Institute for Justice and Democracy in Haiti

Lamothe, Former Haiti Prime Minister, Enters Presidential Race

Laurent Lamothe, Haiti’s former Prime Minister who was forced to resign prematurely in December 2014, has entered the presidential race. He joins dozens of others vying for the spot and his registration further complicates Haiti’s already-unstable elections process for a major reason: Haiti’s parliament has to grant a décharge for former government officials to run for president but parliament has been non-functional since January. The Provisional Electoral Council has already disqualified several legislative candidates due to lack of a décharge so many are watching to see if Lamothe will get the same treatment.

Jacqueline Charles, Miami Herald
May 20, 2015

Haiti’s controversial former prime minister has joined a crowded arena of contenders in the race for the country’s next president.

Laurent Lamothe is among at least 35 people who dropped off documents at the elections office before the registration closed Wednesday night.

Those vying for the seat hail from across the country and vary from opposition politicians to academics to entrepreneurs.

Lamothe’s much-anticipated and to some extent, surprise move, came less than three hours before the midnight deadline and after a day of legal scrambling, U.S. congressional lobbying and personal soul searching.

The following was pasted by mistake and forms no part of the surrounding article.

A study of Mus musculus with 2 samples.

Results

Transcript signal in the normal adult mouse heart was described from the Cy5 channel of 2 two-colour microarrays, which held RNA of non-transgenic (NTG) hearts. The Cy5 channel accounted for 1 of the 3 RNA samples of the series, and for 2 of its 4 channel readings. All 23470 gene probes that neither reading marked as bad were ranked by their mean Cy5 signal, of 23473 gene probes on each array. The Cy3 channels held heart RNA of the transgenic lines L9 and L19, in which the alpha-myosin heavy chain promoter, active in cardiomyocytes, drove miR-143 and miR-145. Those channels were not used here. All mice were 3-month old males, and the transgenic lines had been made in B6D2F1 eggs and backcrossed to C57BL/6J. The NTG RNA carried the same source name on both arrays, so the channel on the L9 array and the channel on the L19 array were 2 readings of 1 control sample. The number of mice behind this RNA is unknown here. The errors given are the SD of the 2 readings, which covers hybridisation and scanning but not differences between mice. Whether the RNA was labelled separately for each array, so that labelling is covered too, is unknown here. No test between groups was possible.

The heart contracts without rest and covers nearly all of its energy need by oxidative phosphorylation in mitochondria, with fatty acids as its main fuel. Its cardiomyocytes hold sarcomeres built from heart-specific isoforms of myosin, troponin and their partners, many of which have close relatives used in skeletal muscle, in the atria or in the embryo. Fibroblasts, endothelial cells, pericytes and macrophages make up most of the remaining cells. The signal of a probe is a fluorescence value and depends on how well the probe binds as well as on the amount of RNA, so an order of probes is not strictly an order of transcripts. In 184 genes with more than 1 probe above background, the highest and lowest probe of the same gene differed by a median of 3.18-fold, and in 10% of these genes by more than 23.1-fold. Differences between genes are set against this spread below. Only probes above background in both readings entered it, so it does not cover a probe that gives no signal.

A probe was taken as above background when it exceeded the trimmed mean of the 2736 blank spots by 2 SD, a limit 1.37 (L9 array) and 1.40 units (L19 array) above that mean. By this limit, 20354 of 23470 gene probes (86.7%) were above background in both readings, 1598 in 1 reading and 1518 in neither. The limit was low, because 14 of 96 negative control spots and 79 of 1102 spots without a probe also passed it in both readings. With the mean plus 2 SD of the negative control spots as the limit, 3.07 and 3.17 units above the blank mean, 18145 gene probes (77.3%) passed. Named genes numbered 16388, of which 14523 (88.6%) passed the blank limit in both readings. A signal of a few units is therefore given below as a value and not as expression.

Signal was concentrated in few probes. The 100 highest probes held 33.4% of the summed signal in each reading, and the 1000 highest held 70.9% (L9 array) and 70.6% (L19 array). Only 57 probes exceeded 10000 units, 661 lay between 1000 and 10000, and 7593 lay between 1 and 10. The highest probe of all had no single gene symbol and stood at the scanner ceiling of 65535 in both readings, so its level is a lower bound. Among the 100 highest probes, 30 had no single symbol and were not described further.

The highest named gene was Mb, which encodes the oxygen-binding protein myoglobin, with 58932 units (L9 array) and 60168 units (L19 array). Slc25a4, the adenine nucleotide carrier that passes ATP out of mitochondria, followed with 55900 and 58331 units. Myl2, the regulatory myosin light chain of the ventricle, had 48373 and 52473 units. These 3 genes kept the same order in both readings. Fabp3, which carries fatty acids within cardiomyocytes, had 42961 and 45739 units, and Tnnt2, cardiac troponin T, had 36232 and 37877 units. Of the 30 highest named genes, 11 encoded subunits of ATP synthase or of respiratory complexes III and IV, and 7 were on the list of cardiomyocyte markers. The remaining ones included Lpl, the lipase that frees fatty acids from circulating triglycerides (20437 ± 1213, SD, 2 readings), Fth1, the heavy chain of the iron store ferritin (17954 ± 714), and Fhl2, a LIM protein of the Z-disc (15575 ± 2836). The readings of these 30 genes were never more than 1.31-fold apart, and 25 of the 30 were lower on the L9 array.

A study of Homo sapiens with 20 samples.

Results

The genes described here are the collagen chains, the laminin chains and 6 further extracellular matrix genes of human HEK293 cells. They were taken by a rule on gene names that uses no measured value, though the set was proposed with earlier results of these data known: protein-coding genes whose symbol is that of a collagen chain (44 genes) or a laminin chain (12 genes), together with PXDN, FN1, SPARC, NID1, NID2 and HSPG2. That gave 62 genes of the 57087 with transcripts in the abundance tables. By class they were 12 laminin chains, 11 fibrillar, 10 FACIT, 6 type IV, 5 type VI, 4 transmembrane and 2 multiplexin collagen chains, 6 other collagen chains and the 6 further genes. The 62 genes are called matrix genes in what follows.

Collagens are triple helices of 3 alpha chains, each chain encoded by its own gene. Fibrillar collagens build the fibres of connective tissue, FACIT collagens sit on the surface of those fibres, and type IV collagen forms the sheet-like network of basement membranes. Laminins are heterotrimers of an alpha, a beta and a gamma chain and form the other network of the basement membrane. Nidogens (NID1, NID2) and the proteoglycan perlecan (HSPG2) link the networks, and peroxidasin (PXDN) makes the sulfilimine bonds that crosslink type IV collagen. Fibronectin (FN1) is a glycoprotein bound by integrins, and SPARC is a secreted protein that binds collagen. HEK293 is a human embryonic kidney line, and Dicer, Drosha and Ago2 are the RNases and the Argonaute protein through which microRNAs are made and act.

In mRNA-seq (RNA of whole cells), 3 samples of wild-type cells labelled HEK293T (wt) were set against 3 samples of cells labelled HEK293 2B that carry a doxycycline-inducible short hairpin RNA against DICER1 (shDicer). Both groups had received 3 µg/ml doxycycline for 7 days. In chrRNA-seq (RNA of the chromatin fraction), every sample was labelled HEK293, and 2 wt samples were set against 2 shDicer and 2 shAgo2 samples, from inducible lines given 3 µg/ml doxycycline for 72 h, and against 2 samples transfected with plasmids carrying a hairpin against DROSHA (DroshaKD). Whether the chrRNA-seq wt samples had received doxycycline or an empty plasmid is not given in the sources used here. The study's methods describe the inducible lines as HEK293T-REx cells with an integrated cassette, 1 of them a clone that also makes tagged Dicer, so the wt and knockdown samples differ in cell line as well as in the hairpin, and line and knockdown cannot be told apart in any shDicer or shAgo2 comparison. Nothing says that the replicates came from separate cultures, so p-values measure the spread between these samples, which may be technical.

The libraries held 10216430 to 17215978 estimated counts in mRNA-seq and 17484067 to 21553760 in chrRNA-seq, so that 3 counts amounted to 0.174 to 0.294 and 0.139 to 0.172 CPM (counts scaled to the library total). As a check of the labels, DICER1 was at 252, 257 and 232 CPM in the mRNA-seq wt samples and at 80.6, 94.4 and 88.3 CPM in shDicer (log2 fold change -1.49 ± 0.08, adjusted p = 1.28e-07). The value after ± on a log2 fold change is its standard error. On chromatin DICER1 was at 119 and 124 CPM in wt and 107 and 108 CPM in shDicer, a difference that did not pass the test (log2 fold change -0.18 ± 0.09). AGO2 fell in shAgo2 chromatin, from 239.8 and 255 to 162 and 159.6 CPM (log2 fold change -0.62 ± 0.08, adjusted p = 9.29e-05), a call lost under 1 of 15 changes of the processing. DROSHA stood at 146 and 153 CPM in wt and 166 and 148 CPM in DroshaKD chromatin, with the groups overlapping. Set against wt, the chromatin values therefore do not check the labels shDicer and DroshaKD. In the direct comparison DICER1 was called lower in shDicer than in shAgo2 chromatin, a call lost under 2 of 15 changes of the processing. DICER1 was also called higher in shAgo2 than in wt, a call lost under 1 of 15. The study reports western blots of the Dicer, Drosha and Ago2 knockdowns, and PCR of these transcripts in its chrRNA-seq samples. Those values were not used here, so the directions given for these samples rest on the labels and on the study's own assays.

“En route” Lamothe tweeted at about 8:30 p.m. while en route to the regional electoral offices on Route des Frères in Port-au-Prince. “The work has just begun.”

As the former head of President Michel Martelly’s government as well as minister of planning and foreign affairs. Lamothe is required to have a décharge to run for president under Haiti’s electoral law. The certificate is necessary to show he didn’t misused government funds. However, only parliament can grant a décharge, which is based on the findings of government auditors from the Superior Court of Auditors and Administrative Disputes (CSCCA).

Since January, Haiti has been without a functioning parliament, leaving Martelly to rule by decree. Martelly, however, promised the international community he would not use his emergency powers broadly and has until now refused to issue a decree allowing those without a décharge, including Lamothe, to enter the race.

Early in the process, the CSCCA announced that only parliament could grant décharges and the Provisional Electoral Council (CEP) reenforced that position last week when it disqualified a number of former government officials from running in the scheduled Aug. 9 legislative elections even though they had favorable audits.